Recently, I bought a 500GB Buffalo Stealth portable hard drive, and then quickly tore into it to extract the actual drive. Then I was able to successfully copy over my notebook computer’s files and upgrade the notebook’s hard drive. Afterwards I put the notebook’s original 250GB hard drive back in the Buffalo case (though I haven’t reformatted it yet, so it isn’t real useful; but I’m thinking now it would be safe to reformat).
But my old desktop’s hard drive is still pretty full. Fry’s had a special on a 1 TB Western Digital external drive (“external” or “desktop” drives have 3.5-inch desktop size hard drives in them and are usually powered from the wall, while “portable” drives usually have a notebook-size drive in them and are powered by USB; really both types are external as well as portable) for only $58. The nice thing about an external drive is that I can use it to extend my Dish Network DVR (up to 2 TB drives will work, but they have to have their own power source). However, the desktop’s drive is only 160 GB, which doesn’t add much capacity to the 500 GB DVR and isn’t all that useful as an external drive either.
So after checking that the drive worked properly and copying the software it came with to my desktop, I looked on the internet for a way to open it up. Like the Buffalo drive, you can just pry it open to release the clips. Inside it was a little harder to deal with because the drive is held in place by some rubber bumpers at the corners plus one screw that held a circuit board in place and another that held the jacks for the power and USB plugs in place. Once you take it apart, it’s kind of hard to tell how to get it back together, but I think I can do it.
The drive in the desktop is a SATA drive rather than the old EIDE drives that had ribbon cables. The nice thing about the EIDE ribbon cables was they usually had an extra jack to attach a second drive. Not the case with the SATA cable, and I had neglected to buy an extra cable at Fry’s (ordered one on DealExtreme for $1.30 which will be here in a few weeks). So instead I just opened the computer and unplugged the old drive and attached those cables to the new drive. I had made a recovery disk, so I put that in the computer, and turned it on. It booted up from the recovery CD and asked if I wanted to install Windows XP. Whereas with the notebook I had copied the files over, I think because of the age and all the stuff I have installed and uninstalled over the years that for the desktop I would be better off with a clean installation and reinstall only the programs I need. So it started to format the drive, which took a couple of hours I think. Eventually it got Windows XP installed okay, but for some reason it was having a hard time connecting to the internet. It could connect briefly and then it would just stop. That’s bad because there are a lot of updates to install, and the XP installation from the recovery disk is pretty old, with a lot of security vulnerabilities and old versions of software (for instance Internet Explorer 6 when they are up to version 10 now). I found out later that at least it has Service Pack 2 already incorporated, but I still need Service Pack 3, a 300 MB download.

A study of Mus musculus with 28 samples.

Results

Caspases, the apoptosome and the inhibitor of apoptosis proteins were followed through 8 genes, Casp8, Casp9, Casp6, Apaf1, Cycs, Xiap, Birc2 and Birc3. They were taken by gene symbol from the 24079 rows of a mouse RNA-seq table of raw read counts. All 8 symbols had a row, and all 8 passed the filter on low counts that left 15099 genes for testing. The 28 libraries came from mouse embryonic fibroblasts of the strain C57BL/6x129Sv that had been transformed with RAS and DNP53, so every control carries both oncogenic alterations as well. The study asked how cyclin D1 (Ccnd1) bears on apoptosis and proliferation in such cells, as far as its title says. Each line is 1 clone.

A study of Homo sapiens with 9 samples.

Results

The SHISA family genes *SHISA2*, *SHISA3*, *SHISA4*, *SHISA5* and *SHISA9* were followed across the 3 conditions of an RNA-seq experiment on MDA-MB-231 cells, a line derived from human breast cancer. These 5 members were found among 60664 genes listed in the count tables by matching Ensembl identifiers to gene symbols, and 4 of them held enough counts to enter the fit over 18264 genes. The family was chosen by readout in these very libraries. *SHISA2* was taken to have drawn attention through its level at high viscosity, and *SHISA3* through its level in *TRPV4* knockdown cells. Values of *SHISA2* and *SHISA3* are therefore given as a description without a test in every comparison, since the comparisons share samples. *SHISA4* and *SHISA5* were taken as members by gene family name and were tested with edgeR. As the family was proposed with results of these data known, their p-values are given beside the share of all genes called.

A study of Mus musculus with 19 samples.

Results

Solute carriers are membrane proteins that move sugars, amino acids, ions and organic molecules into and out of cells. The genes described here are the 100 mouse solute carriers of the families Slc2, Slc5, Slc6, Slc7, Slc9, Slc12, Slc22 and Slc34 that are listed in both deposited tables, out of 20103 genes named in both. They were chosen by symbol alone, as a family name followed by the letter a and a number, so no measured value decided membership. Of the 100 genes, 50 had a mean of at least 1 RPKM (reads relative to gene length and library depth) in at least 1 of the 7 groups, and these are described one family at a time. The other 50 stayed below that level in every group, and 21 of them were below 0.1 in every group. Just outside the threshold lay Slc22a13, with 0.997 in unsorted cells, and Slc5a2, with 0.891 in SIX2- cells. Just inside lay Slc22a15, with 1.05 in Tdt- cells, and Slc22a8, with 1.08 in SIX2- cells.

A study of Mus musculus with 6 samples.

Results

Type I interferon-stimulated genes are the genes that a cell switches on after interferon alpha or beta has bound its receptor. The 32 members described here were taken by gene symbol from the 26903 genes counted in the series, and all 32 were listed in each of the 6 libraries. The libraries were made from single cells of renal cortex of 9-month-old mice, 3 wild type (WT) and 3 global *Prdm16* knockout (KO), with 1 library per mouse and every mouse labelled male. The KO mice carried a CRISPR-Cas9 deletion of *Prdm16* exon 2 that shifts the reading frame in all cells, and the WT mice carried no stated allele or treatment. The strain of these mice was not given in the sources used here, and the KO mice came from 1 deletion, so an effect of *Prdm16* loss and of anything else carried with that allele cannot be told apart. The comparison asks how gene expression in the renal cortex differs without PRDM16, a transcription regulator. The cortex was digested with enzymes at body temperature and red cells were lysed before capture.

Update: Service Pack 3 seems to have helped the internet connection. I also installed Internet Explorer 8 from a download. Then I was able to get Microsoft Update to run and there were 114 updates to download and install, most of them security updates. So now those are downloading. This should take an hour or two.
Update 2: There is a lot of software to install. I got Norton Anti-Virus, a HTML editor, a picture editor, photo-stitch for panoramas on my camera, software for my printer, Firefox, and Adobe Acrobat and still need a bunch more stuff like Microsoft Office. I had Office 2003 before (I can get Office through a home-use program at work where I pay Microsoft $10-20) and although I found the disk case, I couldn’t find the disk. I have a license for Office 2010 that I haven’t used yet, but I’m saving that in case I need to get a new computer. I also downloaded a bunch of drivers from Dell. The idea is to get to some pretty stable point and the ghost an image of the hard drive, so that if I ever need to do this again, it will be really easy.